When you're traipsing home through a field in the dark after a music festival, with your jumper on inside out and thimbles in your pockets, you might be thinking about how the place you’ve been or the place you’re going to got its name. Cathy Scuffil, Historian in Residence with Dublin City Council and Robbie Sinnott, Linguist and Folklorist have you covered. Talking to Claire Byrne, the pair were discussing the influence of various visitors – invited or otherwise – to these shores and how they left their mark on our placenames. Cathy summed it up nicely when talking about the Huguenots:

"Everybody who comes to Ireland leaves something of themselves behind and the Huguenots were no different."

The Huguenots, who came to Ireland from France around the 17th century, spoke – yes – French, but the Irish did not and nor did they care for the French names the Huguenots put on places. So, the pleasingly sophisticated Marie Le Bon Lane was chewed up by Dubliners and spat out as Marrowbone Lane. A little less sophis, perhaps. Mind you, Cathy tells us, when it comes to the Irish language version, the original name has been preserved:

"I have to give Dublin City Council their due, they have it have correct as Gaeilge. It’s Lána Mhuire Mhaith as Gaeilge, but in the English it’s Marrowbone Lane underneath. So, it’s one of those wonderful curiosities we have in Dublin."

If you’ve ever wondered how Laighean becomes Leinster – and who hasn’t? – Robbie has the answer for you:

"Most of our provinces are – apart from Connacht – they're all originally, well, a mixture of Irish and Viking. So, Mumhan is Irish for Munster, but the Norse changed it into Mumhan-ster, Mumhan’s country. Laighean is the Irish for Leinster, so they changed it into Laighean-ster, or Leinster, Laighean’s country. And Uladh is Ulster, so they changed it into Uladh-ster, which is Uladh’s country."

Similarly, Robbie says, anywhere with ford in the name – Lifford, Langford, Wexford, Waterford – are all Norse names, from the Norse fjord. And, Cathy adds, the Norse word for an island is ey or ay:

"So, we have Lambay, ay, meaning Lamb Island, we have Dalkey, ey, meaning Thorny Island and of course my favourite, Ireland’s Eye, the one off Howth."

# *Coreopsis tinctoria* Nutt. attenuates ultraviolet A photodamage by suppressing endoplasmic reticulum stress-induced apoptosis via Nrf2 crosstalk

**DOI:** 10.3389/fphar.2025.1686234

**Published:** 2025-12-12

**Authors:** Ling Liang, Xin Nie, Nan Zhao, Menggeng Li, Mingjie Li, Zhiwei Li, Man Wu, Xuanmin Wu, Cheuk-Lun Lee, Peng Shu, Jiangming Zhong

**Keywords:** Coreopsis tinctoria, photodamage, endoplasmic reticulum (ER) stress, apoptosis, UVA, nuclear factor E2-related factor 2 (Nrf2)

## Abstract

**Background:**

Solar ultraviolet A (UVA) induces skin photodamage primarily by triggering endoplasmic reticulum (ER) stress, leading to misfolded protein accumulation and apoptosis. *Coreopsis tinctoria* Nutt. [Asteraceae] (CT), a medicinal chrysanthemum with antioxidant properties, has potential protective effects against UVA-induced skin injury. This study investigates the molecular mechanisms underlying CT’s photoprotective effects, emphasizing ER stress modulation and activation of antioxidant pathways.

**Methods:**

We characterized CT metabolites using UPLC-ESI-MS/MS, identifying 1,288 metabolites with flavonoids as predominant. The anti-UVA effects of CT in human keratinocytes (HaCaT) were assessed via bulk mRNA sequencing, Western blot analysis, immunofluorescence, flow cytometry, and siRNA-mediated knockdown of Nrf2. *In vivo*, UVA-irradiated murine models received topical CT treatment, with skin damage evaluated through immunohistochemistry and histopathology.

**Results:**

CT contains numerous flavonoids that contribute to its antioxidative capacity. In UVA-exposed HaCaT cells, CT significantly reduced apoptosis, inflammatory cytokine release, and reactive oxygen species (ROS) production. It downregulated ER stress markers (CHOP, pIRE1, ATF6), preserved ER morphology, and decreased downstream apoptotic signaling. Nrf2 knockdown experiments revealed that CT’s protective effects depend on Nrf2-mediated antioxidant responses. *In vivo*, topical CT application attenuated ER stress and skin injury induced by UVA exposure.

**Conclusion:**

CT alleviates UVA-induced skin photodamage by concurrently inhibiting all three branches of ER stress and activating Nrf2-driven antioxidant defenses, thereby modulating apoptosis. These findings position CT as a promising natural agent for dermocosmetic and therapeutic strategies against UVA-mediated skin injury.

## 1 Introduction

And what about those other visitors who filled up the very long term car park? The English left their mark on our placenames as well – of course they did – and Cathy gave Claire some examples:

"Portobello - every time we say Portobello, we’re commemorating the Great Battle of Panama, under the British campaigns across the world, and it was led by Admiral Vernon, so nearby in Portobello we have Vernon Street."

But what about that business of walking through the field with your jumper inside out, clutching some thimbles in your hands? That’s to protect you from the fairies – naturally – and Robbie told Claire that it's related to places with lis in their name, like Listowel, Lisburn and Lisdoonvarna, because the Irish word lios means a fairy fort and, as we all know, you shouldn’t mess with the fairy folk:

"As a protection against the fairies because they might want you to get lost, is if you turn your coat or your jumper or whatever inside out before you go into a field, or even before setting out at night, if you’re coming home from a music session or whatever, you know, that is one way to make sure that you’re going to be all right. Also, if you carry some iron of any type, that generally does the trick as well. Or even some thimbles, or something like that."

So now you know. You can hear Claire’s full discussion with Cathy and Robbie – including how the Weavers used to have running battles with the Butchers in Dublin on May Day, as well as lots of other nuggets – by going here.